NZ Dollar Outlook: Kiwi may decline as Federal Reserve heads towards September tapering
By Tina Morrison
Aug. 26 (BusinessDesk) – The New Zealand dollar may decline this week as investors prepare for the Federal Reserve to start tapering its bond buying programme next month, putting upward pressure on the greenback.
The local currency may trade between 76.40 US cents and 80.50 cents this week, according to a BusinessDesk survey of 10 traders and strategists. Four expect the currency to decline, three expect it to gain and three say it will likely remain unchanged. The kiwi recently traded at 78.20 US cents from 78.11 cents at 8am in Wellington.
Investors are pulling funds out of emerging markets and moving back into US assets as a revival in the world’s largest economy turns the Fed’s attention towards tapering its US$85 billion a month bond buying programme. That’s putting downward pressure on currencies such as the New Zealand dollar, which has gained as the Fed’s stimulus undermined the greenback.
“The big driver of kiwi/US will be expectations of Fed tapering being pushed up and down from day to day,” said Imre Speizer, senior currency strategist at Westpac Banking Corp, who expects tapering to start next month. “It could be very, very small but that will keep the market from letting the US dollar slide much if at all. That will basically underpin the US dollar and if the US dollar is going to be underpinned then a lower kiwi/US falls out of it.”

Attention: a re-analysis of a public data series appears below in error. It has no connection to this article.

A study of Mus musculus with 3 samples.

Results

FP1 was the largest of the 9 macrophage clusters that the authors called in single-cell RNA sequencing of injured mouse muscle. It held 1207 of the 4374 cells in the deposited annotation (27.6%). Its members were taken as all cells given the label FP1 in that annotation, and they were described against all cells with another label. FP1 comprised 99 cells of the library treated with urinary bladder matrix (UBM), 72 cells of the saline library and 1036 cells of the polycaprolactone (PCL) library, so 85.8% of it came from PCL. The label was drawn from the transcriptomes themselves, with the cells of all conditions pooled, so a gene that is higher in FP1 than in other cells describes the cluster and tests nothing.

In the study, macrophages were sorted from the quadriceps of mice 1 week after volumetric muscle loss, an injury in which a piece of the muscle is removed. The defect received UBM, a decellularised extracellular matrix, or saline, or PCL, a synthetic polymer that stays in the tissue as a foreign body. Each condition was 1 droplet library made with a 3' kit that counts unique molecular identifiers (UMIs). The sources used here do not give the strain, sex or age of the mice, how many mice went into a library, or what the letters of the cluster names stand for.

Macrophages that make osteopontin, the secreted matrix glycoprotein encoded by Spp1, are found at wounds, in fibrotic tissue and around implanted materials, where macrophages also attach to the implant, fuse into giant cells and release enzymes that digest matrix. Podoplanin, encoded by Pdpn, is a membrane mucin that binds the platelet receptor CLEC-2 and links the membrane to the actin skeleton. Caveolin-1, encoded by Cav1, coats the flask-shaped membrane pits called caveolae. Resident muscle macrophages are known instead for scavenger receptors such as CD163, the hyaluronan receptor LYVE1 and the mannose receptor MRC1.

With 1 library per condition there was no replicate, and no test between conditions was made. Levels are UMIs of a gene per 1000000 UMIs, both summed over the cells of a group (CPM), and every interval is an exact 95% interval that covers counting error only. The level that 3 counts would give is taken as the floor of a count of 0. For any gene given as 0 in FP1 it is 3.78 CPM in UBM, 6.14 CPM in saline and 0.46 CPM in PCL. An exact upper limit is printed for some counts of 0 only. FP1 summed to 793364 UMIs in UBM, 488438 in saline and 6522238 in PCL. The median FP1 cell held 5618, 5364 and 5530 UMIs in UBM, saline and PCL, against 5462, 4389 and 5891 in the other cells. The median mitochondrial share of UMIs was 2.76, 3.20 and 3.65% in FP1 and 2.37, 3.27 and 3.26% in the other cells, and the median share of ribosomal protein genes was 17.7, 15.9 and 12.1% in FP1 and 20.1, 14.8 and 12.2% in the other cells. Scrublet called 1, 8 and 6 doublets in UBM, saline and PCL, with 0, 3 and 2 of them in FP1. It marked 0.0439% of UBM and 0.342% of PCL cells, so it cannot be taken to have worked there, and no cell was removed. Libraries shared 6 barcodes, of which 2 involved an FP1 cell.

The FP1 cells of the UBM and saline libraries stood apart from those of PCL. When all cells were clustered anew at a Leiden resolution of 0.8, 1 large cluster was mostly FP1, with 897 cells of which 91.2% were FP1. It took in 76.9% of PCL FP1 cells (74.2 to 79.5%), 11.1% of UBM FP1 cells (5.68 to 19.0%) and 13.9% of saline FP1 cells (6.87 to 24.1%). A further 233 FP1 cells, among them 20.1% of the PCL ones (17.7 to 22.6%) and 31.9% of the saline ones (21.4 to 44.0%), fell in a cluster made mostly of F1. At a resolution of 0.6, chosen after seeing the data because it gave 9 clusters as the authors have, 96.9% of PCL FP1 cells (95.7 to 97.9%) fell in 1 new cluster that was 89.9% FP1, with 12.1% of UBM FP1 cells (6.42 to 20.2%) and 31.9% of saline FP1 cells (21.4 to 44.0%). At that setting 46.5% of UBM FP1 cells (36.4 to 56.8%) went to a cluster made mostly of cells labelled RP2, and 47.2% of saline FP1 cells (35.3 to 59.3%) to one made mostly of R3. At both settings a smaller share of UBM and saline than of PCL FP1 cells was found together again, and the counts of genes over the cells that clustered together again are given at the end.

Traders will be eyeing speeches this week by Fed officials James Bullard, Jeffrey Lacker and John Williams for guidance on the Fed’s plans.
At their July meeting, Fed officials said they were “broadly comfortable” with chairman Ben Bernanke’s plan to unwind purchases later this year. Some 65 percent of economists expect the Fed to begin tapering at its Sept. 17-18 meeting, according to a Bloomberg survey.
Other data from the US may be mixed this week, said Westpac’s Speizer.
A report on durable goods orders tonight will likely be softer while the August Dallas Fed factory index will be flat. Tomorrow, a report may show US house prices weakened in June, a measure of consumer confidence probably slipped in August and the Richmond Fed factory index for August was probably flat.
Still, US growth will probably be revised up on Wednesday and a report Thursday could show jobless claims fell back to pre-recession levels, according to Westpac.
Meanwhile, in New Zealand this week, the ANZ business confidence survey on Thursday is expected to show continued strength, and ongoing growth is likely in Friday’s report on July dwelling consents.
New Zealand economic momentum has slowed over the past few months, underpinning a weaker kiwi, said Westpac’s Speizer.
In Australia, where the economy is weakening, reports are scheduled for release on second quarter balance of payments, second quarter construction, new home sales, capital expenditure and credit.